The number of gaming machine licenses in the ACT would be slashed by more than 20 per cent under a Greens election proposal.
In a bid to create a network of "pokie-free" venues across the territory, the Greens will push for the next ACT government to use financial incentives to encourage community clubs to surrender their machines.
The incentives would aim to grow or create new revenue streams for community clubs, helping them to offset lost gaming machine income - which the Greens say venues have become far too reliant on.
But industry group ClubsACT says the policy will drive clubs to bankruptcy, resulting in job losses, particularly among young workers, and dry up funding to local sports teams and community groups.
The Canberra Liberals have echoed those concerns, warning the Greens' proposal would be the "death-knell for many community clubs".
Under an as yet un-costed proposal, clubs willing to go "pokie free" would be offered taxpayer subsidies to position them as "venue of choice" for community groups, handed money to upgrade kitchens to help attract better restaurant operators and provided support to accommodate ethnic communities which don't have their own clubs.
The ambition is to reduce the overall number of machines in the ACT to 3000 by 2024, down from about 3800. That number has been reduced from about 5000 since the start of the ACT government's forced and voluntary poker machine surrender scheme.
The Greens' gaming harm spokeswoman Rebecca Vassarotti said the plan would help to tackle problem gambling, while assisting clubs in finding new and sustainable ways to generate income.
She said clubs' reliance on gaming revenue had been exposed during the COVID-19 pandemic, when a number of venues either shut their doors or cut hours as they waited for restrictions to be eased so they could turn machines back on.
ClubsACT chief executive Gwyn Rees savaged the plan put forward by the Greens, who he accused of reneging on a prior commitment to only reduce machine numbers to 3500.
"Clubs have worked hard to diversify their businesses and reach the goal set of less than 15 machines per 1,000 people," Mr Rees said.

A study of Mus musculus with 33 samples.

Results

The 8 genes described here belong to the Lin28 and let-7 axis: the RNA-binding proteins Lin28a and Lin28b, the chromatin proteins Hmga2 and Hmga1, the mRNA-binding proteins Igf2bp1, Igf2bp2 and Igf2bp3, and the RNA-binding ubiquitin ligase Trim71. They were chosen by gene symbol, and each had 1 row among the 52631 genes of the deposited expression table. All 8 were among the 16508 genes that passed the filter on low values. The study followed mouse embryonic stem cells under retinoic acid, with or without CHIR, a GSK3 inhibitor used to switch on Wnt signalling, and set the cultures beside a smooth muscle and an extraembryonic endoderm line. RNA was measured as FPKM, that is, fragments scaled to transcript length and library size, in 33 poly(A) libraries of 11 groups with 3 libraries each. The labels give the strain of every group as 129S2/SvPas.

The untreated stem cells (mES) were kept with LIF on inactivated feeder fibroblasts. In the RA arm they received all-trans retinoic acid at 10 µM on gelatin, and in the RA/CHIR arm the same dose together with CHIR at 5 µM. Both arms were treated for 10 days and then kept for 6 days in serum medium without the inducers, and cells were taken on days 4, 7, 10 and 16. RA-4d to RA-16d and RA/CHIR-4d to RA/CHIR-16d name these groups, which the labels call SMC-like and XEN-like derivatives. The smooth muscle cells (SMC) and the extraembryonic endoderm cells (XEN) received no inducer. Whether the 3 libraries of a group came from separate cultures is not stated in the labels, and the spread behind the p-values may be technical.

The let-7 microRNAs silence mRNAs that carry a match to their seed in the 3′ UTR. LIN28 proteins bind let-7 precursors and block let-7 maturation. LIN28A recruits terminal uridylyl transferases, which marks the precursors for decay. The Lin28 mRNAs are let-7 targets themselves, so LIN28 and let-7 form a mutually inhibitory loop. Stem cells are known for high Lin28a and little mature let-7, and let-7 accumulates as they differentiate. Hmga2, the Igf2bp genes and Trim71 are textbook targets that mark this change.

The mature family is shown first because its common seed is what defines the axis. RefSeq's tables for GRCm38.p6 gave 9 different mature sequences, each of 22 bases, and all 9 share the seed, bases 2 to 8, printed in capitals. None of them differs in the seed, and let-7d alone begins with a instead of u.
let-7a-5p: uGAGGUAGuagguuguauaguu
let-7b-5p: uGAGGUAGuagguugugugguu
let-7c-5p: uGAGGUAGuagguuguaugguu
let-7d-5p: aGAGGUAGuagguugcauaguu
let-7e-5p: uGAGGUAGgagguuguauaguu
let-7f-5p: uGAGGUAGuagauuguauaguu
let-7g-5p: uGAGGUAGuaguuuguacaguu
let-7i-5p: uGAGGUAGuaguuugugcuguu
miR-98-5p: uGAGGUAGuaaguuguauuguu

"ACT clubs thought they had done the heavy lifting expected of them this political term, but it seems every time we reach the top of the mountain, the Greens roll the boulder back down."
Mr Rees warned of dire consequences for the sector should the Greens' proposal be realised, saying clubs already struggling amid the COVID-19 crisis would be forced to fold. Five community clubs had shut their doors in the past four years alone, he said.
Mr Rees also rejected the Greens' assertion that clubs had become too reliant on income from poker machines, saying revenue had declined in real terms by more than 60 per cent over the past 15 years.
Ms Vassarotti, who is a prominent anti-gambling advocate, said the Greens's plan was designed to support clubs, not destroy them. She denied the Greens' ultimate ambition was to remove all gaming machines from the ACT, insisting the party's "pokie free" push was designed to provide Canberrans with a choice.
An ACT Labor spokeswoman said a re-elected Barr government would continue to compensate clubs which surrendered machines until at least the end of the year.
But it won't force clubs to surrender machines, saying that would "impact clubs' ability to operate with certainty at a time when certainty is needed".
The spokeswoman noted that about one in eight ACT clubs had become pokie-free as a result of its compensation scheme, while a number of other venues had "very low" numbers of active machines. She highlighted the support extended to the sector through the pandemic, including the offer of $15,000 for every machine surrendered.